Dozens of Pilot Whales Washed Up on Georgia Beach, and Beachgoers Came to the Rescue

Pilot whale stranded in Ireland.
Pilot whales are known for their mass strandings. This one was part of a mass stranding in Ireland. (Image credit: Stephen Barnes/Shutterstock)

After dozens of pilot whales beached themselves on St. Simons Island, Georgia, yesterday evening (July 16), concerned beachgoers, lifeguards and wildlife officials sprang into action, doing their best to maneuver the whales back into the water.

"While stranding is a known natural occurrence, the only thing we can do is to continue pushing them out to sea," Clay George, a wildlife biologist with Georgia's Department of Natural Resources (DNR), said in a statement.

Dixie McCoy, a beach visitor and resident of St. Simons Island, posted a heartbreaking video on Facebook that shows the whales struggling to get back in the water. "How the heck did so many get washed up over here?" someone asked.

"All these whales have been washed up to shore and there's already been one whale that's been attacked by a shark," McCoy said in the video. "It is so sad."

McCoy estimated there were around 40 animals on the beach, but the local news agency WJCL reported there were more than 50 beached whales. People of all ages put forth a valiant effort, working together to push most of the distressed marine mammals back out to sea.

"I tell you what, Glenn County came together on this one," McCoy said.

But despite the beachgoers' remarkable achievement, some of the whales returned to the beach. At least two of the whales died and were taken to be necropsied, Georgia DNR reported. The remaining whales were last seen swimming close to shore, and wildlife officials hope the whales continue moving out to sea.

Why did they strand?

Pilot whales are one of the largest members of the dolphin family, second only to the killer whale in size, according to the American Cetacean Society (ACS). The whales that stranded in Georgia were likely short-finned pilot whales (Globicephala macrorhynchus).

Short-finned and long-finned pilot whales (Globicephala melas) look almost identical when seen in the wild, but the two species differ in fin length, tooth count and skull shape. The short-finned are found in subtropical and tropical areas, while the long-finned are found in the higher latitudes of both hemispheres, according to the ACS.

Both species of pilot whales are very social and travel in groups of 20 to 90 individuals, and it's not unusual for the large groups to strand together. The largest documented stranding of pilot whales happened in 1918, when an estimated 1,000 whales beached themselves at the Chatham Islands, 497 miles (800 km) east of the South Island of New Zealand, according to the country’s Department of Conservation.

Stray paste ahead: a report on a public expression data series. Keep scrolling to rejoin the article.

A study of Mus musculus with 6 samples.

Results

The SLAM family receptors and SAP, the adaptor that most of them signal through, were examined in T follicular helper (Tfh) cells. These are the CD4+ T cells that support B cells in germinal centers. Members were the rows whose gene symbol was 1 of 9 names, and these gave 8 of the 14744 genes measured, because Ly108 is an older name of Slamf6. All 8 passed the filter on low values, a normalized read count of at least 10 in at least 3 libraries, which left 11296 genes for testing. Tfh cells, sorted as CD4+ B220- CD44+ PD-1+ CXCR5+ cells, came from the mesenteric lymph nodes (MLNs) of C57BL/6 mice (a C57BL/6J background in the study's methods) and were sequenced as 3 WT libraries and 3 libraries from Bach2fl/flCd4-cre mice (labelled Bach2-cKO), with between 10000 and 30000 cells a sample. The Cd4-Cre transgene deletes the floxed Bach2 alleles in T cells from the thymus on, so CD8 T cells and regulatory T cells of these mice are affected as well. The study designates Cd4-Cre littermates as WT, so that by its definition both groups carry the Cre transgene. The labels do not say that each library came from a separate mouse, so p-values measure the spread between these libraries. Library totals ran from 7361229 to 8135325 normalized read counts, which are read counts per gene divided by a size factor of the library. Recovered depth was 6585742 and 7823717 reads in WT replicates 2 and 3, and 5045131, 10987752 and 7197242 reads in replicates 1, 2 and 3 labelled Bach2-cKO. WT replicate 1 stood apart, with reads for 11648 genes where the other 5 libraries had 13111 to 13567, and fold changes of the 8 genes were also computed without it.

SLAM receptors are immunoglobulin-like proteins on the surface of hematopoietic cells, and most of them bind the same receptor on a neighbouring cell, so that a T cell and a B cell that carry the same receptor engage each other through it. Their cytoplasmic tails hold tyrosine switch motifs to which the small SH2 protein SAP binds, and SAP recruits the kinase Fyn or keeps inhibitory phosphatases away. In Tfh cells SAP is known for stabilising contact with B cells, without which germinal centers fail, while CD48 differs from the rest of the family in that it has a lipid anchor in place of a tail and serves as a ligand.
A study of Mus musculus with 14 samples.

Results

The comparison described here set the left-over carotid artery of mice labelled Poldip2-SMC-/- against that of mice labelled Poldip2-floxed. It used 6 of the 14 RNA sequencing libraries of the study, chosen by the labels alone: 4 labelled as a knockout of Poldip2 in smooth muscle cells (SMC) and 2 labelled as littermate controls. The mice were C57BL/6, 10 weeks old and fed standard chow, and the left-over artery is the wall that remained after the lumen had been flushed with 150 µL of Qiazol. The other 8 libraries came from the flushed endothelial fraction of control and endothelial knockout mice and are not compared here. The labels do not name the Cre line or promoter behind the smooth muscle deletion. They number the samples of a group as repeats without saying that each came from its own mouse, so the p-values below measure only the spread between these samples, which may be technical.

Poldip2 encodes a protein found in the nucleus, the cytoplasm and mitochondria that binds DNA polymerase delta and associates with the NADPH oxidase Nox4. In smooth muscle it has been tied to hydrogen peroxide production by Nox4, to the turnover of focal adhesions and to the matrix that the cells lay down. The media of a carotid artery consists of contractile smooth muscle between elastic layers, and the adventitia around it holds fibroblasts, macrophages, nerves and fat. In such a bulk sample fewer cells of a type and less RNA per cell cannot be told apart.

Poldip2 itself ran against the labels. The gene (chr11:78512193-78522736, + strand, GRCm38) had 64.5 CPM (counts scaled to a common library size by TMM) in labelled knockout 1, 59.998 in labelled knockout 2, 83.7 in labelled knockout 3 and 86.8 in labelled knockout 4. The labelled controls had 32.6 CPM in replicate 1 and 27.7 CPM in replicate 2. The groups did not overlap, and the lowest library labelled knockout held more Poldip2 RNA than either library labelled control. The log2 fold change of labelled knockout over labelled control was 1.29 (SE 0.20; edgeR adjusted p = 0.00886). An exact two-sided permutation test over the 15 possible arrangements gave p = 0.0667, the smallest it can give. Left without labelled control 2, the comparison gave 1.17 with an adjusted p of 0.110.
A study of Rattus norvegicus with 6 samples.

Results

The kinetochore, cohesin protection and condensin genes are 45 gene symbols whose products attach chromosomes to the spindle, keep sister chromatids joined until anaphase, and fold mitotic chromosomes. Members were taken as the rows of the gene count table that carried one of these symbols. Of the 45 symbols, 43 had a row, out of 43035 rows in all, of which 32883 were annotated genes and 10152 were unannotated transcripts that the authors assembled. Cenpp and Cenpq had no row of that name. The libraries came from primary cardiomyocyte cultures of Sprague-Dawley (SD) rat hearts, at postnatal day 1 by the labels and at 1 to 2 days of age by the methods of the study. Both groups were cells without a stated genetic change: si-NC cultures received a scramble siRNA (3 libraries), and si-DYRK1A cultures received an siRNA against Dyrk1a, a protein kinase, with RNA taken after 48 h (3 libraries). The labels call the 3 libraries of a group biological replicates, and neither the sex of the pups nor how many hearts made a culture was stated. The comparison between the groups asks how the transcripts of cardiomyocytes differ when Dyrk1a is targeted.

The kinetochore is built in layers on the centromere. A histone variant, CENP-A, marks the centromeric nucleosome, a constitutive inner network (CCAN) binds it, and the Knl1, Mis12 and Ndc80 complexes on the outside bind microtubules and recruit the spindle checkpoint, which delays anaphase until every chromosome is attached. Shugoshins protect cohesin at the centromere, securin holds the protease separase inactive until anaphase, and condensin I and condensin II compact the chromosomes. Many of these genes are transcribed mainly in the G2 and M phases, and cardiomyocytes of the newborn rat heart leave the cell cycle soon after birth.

But why the whales exhibit this deadly behavior remains a mystery to scientists.

The most agreed-upon hypothesis is that the whales' echolocation isn't as effective in shallow, near-shore waters as it is near the steep underwater cliffs at the edge of the continental shelf, according to New Zealand's Department of Conservation. Like other cetaceans, pilot whales use echolocation to find their prey — primarily squid. It's possible that when the whales follow prey closer to shore, the whales become disoriented and are unable to find their way back to sea before beaching themselves.

It's also possible that the whales' social tendencies mean that when one whale washes ashore, others follow to help out, only to get stuck themselves. It could also be a combination of factors that causes the animals to strand, but those reasons remain unknown.

Short-finned pilot whales are considered a species of least concern, according to the International Union for the Conservation of Nature and Natural Resources (IUCN), and the ACS estimates there are about 200,000 short-finned pilot whales worldwide.

Originally published on Live Science.

Kimberly Hickok
Live Science Contributor

Kimberly has a bachelor's degree in marine biology from Texas A&M University, a master's degree in biology from Southeastern Louisiana University and a graduate certificate in science communication from the University of California, Santa Cruz. She is a former reference editor for Live Science and Her work has appeared in Inside Science, News from Science, the San Jose Mercury and others. Her favorite stories include those about animals and obscurities. A Texas native, Kim now lives in a California redwood forest.